By: Helena Stratford - Updated: 3 Dec 2010 | comments*Discuss
Chutney Chutneys Christmas Chutney

There is something deeply satisfying about bottling your own preserves. Somehow it relates to that inner instinct to store food for the winter or capture the essence of warmer times to bring out for a bit of colour on those dark winter days. And so it is with chutneys. Once you’ve made your own chutney, there’s no going back to those too-sticky or too-vinegary shop-bought varieties. They also make fabulous home-made Christmas gifts – so what are you waiting for?

Chutneys are Versatile

Chutneys are very versatile in that they can be made with almost any fruit you have to hand and are a great accompaniment with many dishes such as crusty bread and cheese, savoury bites, sausage rolls or samosas, as well as hot and cold meats.

Preparing Jars

The jars you use must be scrupulously cleaned using hot, soapy water and then sterilised in a hot oven for 5-10 minutes to ensure no bacteria can affect the produce. Pour in the chutney whilst the jar is still hot and seal securely.

Mincemeat Chutney

This is a wonderful sweet chutney which is delicious served with cheese. For best results, allow to mature for at least a month to develop the tangy flavours.

Take your largest mixing bowl and add together 450g of peeled, cored and chopped dessert apples, the same of dried mixed fruit, the grated rind of a lemon, and quarter to a half teaspoon each of cinnamon, nutmeg, ginger and mixed spice. Then mix in 350g soft brown sugar and 425ml cider vinegar. Stir over a low heat for about 45 minutes until the mixture is reduced, thick and sticky. Take off the heat and mix in 4 tbsp of brandy, then ladle into jars.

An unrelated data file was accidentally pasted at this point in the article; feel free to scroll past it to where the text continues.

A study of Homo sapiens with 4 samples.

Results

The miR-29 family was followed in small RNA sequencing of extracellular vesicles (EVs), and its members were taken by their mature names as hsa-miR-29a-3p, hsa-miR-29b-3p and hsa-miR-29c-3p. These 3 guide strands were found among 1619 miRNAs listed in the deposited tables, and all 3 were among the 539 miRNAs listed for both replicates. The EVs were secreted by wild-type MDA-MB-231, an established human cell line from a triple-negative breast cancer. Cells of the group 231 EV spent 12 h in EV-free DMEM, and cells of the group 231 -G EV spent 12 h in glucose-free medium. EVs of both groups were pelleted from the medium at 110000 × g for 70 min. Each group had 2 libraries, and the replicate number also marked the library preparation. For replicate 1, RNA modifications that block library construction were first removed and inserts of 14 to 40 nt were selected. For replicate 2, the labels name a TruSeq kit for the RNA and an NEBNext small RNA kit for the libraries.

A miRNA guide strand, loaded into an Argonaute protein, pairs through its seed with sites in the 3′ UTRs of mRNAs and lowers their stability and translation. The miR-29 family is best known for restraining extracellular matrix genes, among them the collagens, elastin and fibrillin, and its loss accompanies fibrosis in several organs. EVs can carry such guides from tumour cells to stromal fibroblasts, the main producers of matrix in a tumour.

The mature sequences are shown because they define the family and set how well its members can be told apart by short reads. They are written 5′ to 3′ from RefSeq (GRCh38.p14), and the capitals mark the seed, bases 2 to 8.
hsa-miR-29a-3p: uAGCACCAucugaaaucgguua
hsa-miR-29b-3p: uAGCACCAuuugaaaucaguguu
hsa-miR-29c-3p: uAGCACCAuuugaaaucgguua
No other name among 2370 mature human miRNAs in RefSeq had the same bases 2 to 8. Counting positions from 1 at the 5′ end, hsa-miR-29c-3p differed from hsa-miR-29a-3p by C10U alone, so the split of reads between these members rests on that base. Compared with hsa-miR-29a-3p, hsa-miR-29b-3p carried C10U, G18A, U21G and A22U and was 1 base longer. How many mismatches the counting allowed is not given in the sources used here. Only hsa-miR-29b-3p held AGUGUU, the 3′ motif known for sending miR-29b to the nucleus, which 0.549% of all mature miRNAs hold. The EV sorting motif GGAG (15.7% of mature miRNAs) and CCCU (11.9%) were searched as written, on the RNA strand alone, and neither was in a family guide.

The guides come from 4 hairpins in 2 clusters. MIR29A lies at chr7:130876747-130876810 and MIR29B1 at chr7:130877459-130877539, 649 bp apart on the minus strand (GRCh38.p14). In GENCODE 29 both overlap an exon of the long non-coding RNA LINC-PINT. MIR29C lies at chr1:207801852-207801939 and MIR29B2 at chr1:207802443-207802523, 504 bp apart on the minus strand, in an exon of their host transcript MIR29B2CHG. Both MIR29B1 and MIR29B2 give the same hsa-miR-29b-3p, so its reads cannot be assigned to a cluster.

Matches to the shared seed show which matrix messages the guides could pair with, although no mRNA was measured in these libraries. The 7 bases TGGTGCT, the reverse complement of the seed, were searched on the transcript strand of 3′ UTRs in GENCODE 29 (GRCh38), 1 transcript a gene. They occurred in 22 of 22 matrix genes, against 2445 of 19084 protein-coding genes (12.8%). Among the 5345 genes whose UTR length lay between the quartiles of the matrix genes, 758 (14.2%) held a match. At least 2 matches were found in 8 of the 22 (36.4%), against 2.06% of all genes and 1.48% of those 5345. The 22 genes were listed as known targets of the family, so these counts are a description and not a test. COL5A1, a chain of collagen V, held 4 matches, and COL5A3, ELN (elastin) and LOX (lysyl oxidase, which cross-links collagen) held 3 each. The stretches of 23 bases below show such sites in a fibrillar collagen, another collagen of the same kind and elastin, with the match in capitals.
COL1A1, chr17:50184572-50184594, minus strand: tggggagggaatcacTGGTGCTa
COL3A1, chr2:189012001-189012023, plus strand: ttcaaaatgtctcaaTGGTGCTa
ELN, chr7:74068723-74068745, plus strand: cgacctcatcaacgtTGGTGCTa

Preserved Pears

Pears go equally well with savoury or sweet dishes but at Christmas, are particularly good with cold cuts of ham, goose and duck.

Simmer together the zest of a lemon, 350g sugar, a tsp juniper berries, a tsp of mixed peppercorns and allspice (sometimes called pepper berries), a few cloves and 275ml of cider vinegar. Then add 5 tbsp honey. Meanwhile, peel 6-8 firm Comice or Conference pears, depending on their size, core, and dip in lemon juice to stop discolouration. Then, when the sugar is completely dissolved, add to the pan. Simmer the pears, making sure that they don’t bob to the surface of the syrup, until tender (20-30 minutes). Then remove the pears to the jar and boil the residue rapidly for a further 5 minutes before pouring over the pears. If desired, add a stick of cinnamon to the jar.

Raisin, Date and Apricot Chutney

Finely chop or whiz up in a food processor, 150g each of raisins, dates and dried apricots along with 2 apples, 2 onions and aprox 50g of fresh root ginger and place in a pan. If you like your chutney hot, you can add some ‘oomph’ by putting some crushed red chillies in a muslin bag, tying securely (so that you can retrieve them later) and popping in the pan along with the rest of the ingredients. Then pour in 300ml water and stir over a low heat for 15 minutes. Add 150g sugar, 25g salt and 600ml cider vinegar. Continue to stir over the heat until the mixture is thick. Remove the chillies if used, and pour into jars.


If you wish to present your chutneys as gifts, shop around for pretty jars or use classic preserving containers, then cover the lid with some festive fabric, attach labels, a card, possibly even a spoon and tie with ribbon or raffia.